The United States Supreme Court building is framed by fall foliage Nov. 6, 2015 in Washington, DC.
Photo by Chip Somodevilla/Getty

Will the GOP’s indefinite Supreme Court blockade grow?

Updated
As things stand, three Republican senators – Richard Burr (N.C.), Ted Cruz (Texas), and John McCain (Ariz.) – have publicly suggested that they’re prepared to block any of Hillary Clinton’s Supreme Court nominees, should she win the presidency. The GOP’s unprecedented court blockade, already imposed on President Obama’s nominee since March, would continue until 2021 at the earliest.

It’s a radical posture that raises all kinds of questions, not the least of which is, will other Republican senators join them?

The Guardian asked Sen. Marco Rubio (R-Fla.) whether he, too, is comfortable with the idea of an indefinite blockade.
“No, I don’t believe that we should do that if they propose nominees that are good,” Rubio, who ran unsuccessfully for the Republican presidential nomination, said in an interview last week. “I’m not going to go and predispose them that way.”

Rubio’s response came with the caveat, however, that he found it unlikely Clinton would nominate an individual who shared his view of the role of the court.

“If it’s someone good who understands that their job is to apply the constitution, according to its original intent, then that will be a welcome surprise,” he said. “But barring whether it’s Republican or a Democrat, if they appoint someone who I believe doesn’t meet that standard I’ll oppose that nominee.”
That’s not much of an answer. Rubio appears to have reservations about a blockade in principle, but in practice, the far-right Floridian is prepared to reject any Supreme Court nominee who doesn’t share his legal ideology, regardless of other considerations.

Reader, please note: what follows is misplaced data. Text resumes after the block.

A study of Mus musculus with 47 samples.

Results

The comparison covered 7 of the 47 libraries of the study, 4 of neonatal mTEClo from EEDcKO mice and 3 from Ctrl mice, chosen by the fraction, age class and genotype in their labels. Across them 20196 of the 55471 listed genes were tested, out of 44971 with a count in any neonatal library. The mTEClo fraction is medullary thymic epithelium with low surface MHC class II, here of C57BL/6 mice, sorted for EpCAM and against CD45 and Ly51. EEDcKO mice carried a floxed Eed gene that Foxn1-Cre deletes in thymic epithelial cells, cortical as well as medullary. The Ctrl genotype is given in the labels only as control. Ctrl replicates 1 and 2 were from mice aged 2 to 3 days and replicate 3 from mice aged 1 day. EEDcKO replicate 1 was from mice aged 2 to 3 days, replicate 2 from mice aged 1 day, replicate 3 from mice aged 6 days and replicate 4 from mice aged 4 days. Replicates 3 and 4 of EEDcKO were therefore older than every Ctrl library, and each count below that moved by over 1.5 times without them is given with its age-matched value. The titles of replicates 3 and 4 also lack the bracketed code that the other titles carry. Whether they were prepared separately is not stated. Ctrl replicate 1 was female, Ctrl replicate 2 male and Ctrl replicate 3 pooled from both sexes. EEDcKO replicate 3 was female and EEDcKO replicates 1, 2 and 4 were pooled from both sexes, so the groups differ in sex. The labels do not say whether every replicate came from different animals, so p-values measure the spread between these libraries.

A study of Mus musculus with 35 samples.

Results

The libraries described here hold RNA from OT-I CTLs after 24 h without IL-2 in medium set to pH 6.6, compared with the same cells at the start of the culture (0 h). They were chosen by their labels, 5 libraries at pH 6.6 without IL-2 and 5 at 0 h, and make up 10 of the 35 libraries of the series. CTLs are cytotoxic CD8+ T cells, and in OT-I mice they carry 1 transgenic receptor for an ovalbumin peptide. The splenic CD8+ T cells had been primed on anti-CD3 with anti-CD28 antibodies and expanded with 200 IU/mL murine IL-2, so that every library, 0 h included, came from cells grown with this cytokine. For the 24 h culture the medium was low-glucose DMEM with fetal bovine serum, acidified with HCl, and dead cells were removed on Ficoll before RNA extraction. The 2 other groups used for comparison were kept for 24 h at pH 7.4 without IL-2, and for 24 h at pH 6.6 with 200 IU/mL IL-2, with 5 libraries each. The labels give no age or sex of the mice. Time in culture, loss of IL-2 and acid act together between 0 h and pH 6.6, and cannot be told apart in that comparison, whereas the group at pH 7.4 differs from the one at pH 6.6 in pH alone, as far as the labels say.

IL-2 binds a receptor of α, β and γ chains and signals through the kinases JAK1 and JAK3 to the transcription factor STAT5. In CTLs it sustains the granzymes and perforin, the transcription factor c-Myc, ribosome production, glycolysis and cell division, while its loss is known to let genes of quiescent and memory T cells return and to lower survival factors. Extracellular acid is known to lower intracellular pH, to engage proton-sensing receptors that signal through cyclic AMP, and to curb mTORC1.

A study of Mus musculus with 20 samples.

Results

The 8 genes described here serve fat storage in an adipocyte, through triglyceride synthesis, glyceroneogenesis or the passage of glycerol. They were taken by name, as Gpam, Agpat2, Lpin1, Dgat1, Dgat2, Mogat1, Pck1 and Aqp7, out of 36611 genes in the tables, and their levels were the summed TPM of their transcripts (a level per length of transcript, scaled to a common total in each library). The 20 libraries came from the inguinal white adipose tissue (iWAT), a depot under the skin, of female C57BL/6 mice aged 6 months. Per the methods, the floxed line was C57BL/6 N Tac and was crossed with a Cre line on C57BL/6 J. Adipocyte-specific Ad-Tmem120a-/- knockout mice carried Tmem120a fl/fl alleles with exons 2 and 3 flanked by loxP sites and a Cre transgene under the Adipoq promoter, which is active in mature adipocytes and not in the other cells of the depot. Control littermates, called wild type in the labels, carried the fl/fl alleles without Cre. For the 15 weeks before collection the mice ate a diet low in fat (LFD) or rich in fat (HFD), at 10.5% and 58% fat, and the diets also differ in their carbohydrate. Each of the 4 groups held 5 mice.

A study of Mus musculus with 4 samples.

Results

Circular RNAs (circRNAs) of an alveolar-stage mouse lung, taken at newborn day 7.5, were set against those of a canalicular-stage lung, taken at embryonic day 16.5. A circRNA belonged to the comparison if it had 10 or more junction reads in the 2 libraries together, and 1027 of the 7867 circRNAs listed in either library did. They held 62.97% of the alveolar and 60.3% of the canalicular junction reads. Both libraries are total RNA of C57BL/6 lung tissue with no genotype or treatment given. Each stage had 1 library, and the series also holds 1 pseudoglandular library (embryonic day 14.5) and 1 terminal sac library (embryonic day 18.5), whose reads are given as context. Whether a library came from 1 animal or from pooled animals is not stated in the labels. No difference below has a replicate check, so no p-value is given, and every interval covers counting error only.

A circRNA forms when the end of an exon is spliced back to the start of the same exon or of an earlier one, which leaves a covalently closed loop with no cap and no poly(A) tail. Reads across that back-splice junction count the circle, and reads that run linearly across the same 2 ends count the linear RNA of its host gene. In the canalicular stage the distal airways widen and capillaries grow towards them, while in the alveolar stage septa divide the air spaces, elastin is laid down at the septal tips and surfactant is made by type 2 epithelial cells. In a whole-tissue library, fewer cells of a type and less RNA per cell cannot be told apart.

In other words, if Clinton wins and nominates a qualified center-left jurist, Rubio would stand alongside Burr, Cruz, and McCain. At a debate the other day, Sen. Rand Paul (R-Ky.) adopted a similar posture. [Update: Senate Majority Whip John Cornyn dodged a question about this yesterday, saying he didn’t want to speculate.]

Let’s not miss the forest for the trees here: the fact that this is even a question is a striking development. In recent memory, no one thought to ask senators, “Would you be willing to confirm a qualified Supreme Court justice?” because the question seemed wholly unnecessary. It’d be like asking them, “Are you willing to wear shoes on the Senate floor?” We ought to be able to safely guess the answer in advance.

But the radicalization of Republican politics has meant the abandonment of all kinds of norms that Americans safely took for granted until quite recently.

Postscript: Let’s note for context that this speculation focuses on the possibility of a Clinton presidency working alongside a GOP-led Senate. If Democrats take the Senate majority, the more likely scenario is Republicans trying to filibuster any Clinton court nominee, and Dems doing away with that option.